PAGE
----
Panthers ready for unconventional season

Posted 12/3/20

March 12 was a normal day for Mason Marchant and his peers — until it wasn’t.

A junior at the time, Marchant and his Powell High School boys’ basketball teammates were about to …



A junior at the time, Marchant and his Powell High School boys’ basketball teammates were about to load the buses and head to the Class 3A state basketball tournament in Casper. Then they received shocking, disappointing news: The tournament was canceled due to COVID-19.

“It was horrible,” Marchant said.

The Panthers had momentum heading into the tournament, winning two of their three prior contests and punching a ticket to the state tournament on a buzzer-beating 3-pointer. Not being able to finish the season stung at the time, but it’s only fueling the team as it prepares for the 2020-21 season.

“People were doubting us again going into state last year, and we made it to the championship the year before,” Marchant said. “You can’t really count us out ever. We’re just going to use it as fuel this year and hopefully take it all the way.”

Powell returns 11 players from its 2019-20 squad, which finished the season 11-13. Among them are the team’s leading scorers — Marchant and Landon Lengfelder, who averaged 14.6 and 12.6 points per game, respectively. Others include Jaden Marchant, Trevor Groves, Dylan Escalante, Jesse Trotter, Adrian Geller, Landon Sessions, Toran Graham, Reed Smith and Keaton Rowton.

PHS head coach Mike Heny noted the team’s speed and high-percentage shooting as strengths heading into the season.

But the Panthers are lacking in one area: height. With very few post players, Powell will be required to play quick, physical basketball to excel.

“We’re super athletic,” Heny said. “We’re going to try to run a style that fits our guys and just fine tune everything. Try to put the defense in a position to guard us in space and see how it goes from there.”

Marchant added, “We’re not really a tall team, so we’re going to use our speed. And we’ve been in the weight room, so we’re going to try and use our strength to bully some of the little kids down this year.”

While much of the on-court personnel is the same as last year’s, this is Heny’s first year coaching the squad since 2013.

He previously served as head coach from 2009-2013 before the Park County School District 1 Board of Trustees terminated his contract. In the years since, Heny continued to serve as an assistant football coach and he was placed back in charge of the basketball program in April, when Chase Kistler decided to become the head football coach.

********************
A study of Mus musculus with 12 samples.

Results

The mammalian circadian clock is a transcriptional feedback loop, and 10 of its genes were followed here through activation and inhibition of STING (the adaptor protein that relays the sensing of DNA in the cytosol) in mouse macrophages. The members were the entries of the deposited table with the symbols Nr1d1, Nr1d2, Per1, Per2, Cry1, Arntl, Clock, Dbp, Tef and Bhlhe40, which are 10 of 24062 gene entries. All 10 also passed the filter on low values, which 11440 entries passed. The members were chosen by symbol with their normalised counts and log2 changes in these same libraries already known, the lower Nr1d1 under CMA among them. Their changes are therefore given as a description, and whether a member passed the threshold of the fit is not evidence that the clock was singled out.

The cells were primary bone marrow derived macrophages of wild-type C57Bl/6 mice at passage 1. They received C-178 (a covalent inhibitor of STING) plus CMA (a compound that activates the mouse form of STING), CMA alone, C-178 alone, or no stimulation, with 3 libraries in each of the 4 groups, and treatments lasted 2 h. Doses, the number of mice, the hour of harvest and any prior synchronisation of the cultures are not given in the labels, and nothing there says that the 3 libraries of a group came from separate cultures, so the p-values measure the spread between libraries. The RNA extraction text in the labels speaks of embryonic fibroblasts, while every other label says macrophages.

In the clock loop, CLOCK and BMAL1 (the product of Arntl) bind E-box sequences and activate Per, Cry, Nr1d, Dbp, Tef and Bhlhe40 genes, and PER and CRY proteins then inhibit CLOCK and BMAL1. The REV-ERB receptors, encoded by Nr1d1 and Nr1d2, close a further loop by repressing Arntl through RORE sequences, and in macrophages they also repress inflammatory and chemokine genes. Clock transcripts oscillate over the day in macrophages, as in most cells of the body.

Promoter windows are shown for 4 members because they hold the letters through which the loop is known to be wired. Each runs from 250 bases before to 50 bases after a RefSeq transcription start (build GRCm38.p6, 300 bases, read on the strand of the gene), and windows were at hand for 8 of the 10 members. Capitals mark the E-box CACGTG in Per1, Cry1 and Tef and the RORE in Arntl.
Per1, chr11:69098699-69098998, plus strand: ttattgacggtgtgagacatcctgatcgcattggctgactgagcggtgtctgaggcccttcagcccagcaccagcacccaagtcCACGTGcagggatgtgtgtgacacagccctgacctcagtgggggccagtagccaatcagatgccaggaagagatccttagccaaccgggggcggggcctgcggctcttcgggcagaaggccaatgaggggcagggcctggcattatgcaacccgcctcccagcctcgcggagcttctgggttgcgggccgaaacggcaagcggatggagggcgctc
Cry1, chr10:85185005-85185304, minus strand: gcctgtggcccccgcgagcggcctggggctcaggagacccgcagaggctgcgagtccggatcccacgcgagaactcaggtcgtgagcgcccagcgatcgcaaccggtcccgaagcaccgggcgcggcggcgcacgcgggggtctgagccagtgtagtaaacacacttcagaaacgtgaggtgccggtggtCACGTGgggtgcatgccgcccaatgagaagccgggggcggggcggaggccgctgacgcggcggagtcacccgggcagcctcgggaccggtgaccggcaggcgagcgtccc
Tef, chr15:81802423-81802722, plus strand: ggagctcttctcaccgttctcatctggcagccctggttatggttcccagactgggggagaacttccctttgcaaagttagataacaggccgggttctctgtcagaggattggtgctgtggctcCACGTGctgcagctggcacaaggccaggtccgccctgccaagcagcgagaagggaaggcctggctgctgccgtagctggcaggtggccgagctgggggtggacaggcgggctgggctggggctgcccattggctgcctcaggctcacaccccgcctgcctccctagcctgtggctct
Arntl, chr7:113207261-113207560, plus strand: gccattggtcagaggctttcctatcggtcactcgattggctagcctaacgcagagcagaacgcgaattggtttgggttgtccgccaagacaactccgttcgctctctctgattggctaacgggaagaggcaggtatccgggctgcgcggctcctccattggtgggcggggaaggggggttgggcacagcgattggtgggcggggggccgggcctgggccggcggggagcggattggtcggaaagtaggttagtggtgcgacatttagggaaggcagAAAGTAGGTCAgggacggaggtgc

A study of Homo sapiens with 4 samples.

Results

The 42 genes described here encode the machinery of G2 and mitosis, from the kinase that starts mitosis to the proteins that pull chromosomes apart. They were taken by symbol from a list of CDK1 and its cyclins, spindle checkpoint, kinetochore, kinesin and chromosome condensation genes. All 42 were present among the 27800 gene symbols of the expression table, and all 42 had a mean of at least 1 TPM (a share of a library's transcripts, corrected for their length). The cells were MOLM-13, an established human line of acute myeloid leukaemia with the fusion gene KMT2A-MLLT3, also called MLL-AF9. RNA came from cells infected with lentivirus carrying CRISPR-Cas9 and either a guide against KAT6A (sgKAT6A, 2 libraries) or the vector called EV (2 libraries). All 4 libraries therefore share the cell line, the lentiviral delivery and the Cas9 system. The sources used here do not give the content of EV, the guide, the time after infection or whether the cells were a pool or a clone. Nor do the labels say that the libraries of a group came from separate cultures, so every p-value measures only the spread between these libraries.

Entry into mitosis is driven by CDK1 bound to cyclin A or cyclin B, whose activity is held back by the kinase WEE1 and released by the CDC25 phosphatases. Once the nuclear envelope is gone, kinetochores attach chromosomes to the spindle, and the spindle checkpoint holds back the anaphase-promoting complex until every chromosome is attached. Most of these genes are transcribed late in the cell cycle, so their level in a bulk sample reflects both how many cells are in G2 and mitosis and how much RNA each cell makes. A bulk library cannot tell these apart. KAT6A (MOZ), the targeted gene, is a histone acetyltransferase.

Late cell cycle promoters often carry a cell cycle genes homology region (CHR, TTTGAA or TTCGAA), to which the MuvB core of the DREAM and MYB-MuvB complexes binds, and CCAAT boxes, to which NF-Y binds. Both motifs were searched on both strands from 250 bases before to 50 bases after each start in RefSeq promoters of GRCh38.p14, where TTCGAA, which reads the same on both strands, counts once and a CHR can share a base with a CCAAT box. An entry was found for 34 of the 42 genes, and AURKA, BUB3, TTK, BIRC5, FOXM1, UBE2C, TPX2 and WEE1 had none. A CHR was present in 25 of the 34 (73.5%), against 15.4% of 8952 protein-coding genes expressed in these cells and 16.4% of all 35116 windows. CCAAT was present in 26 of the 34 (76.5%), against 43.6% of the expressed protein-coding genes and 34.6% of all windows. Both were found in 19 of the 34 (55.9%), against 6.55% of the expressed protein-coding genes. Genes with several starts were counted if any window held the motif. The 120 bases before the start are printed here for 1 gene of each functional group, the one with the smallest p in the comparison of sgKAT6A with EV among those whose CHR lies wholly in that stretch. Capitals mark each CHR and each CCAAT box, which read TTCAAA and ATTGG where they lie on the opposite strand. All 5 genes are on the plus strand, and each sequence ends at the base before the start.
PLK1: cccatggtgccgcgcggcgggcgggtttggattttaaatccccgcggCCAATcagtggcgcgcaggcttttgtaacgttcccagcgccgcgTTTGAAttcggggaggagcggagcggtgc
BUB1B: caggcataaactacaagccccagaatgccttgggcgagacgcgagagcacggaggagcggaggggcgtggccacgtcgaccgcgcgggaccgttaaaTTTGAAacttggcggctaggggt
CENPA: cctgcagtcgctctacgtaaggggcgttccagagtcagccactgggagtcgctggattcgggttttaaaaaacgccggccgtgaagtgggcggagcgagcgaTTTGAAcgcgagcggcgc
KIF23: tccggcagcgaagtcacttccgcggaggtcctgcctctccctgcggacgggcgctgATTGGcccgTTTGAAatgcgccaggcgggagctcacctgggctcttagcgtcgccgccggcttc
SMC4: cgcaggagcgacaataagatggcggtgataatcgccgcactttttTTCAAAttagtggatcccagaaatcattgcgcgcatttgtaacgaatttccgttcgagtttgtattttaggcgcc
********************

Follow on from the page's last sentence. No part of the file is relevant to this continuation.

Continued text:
Basketball was Heny’s first love from a young age, and he’s thrilled to get another chance to coach the sport.

“For me, this has always been my passion,” Heny said. “Just having the opportunity to get back in the gym has been better than I expected.”

Though Heny and many of the players are familiar faces to the program, the 2020-21 season will be unconventional in several ways. Due to COVID-19, outside events such as team dinners and other pregame or postgame gatherings are prohibited to limit the spread of the novel coronavirus.

These types of events often boost team chemistry, but Heny said he’s confident the team will still mesh well, despite the absence of these gatherings.

“I think most of the bonds form here,” Heny said. “We’ll just work on that a little more when we’re on the court. We’ll just have to become a brotherhood here on the court.”

It’s also an unusual season from a spectator’s perspective. Only 100 patrons will be permitted to attend PHS home games, with the majority of tickets going to players’ parents. Fans are encouraged to watch online on the NFHS network.

In spite of this, Heny is confident that the Panthers will still have strong support when the season begins.

“The community has always supported all of these kids in every athletic event, and I don’t expect that will be any different this year,” Heny said. “It’s tough, but we’re going to try to maximize who can be here.”

The Panthers are slated to begin the season at Riverton on Thursday, Dec. 10. Eight days later, they’re scheduled to open their home schedule against Rocky Mountain.

Given the unpredictable nature of the pandemic, it’s hard to say if the Panthers will be able to finish the season this year. They could play an entire schedule, or they could play a few games and have the rest axed.

Either way, the Panthers’ goal is simple: leave it all on the court.

“We don’t know how long this season’s going to last, so play like it’s our last game,” Marchant said. “For us seniors, we don’t know when it’s going to be our last game, so I’ve just been telling them to play as hard as they can and hopefully score a lot of points, and the fans can rally around that.”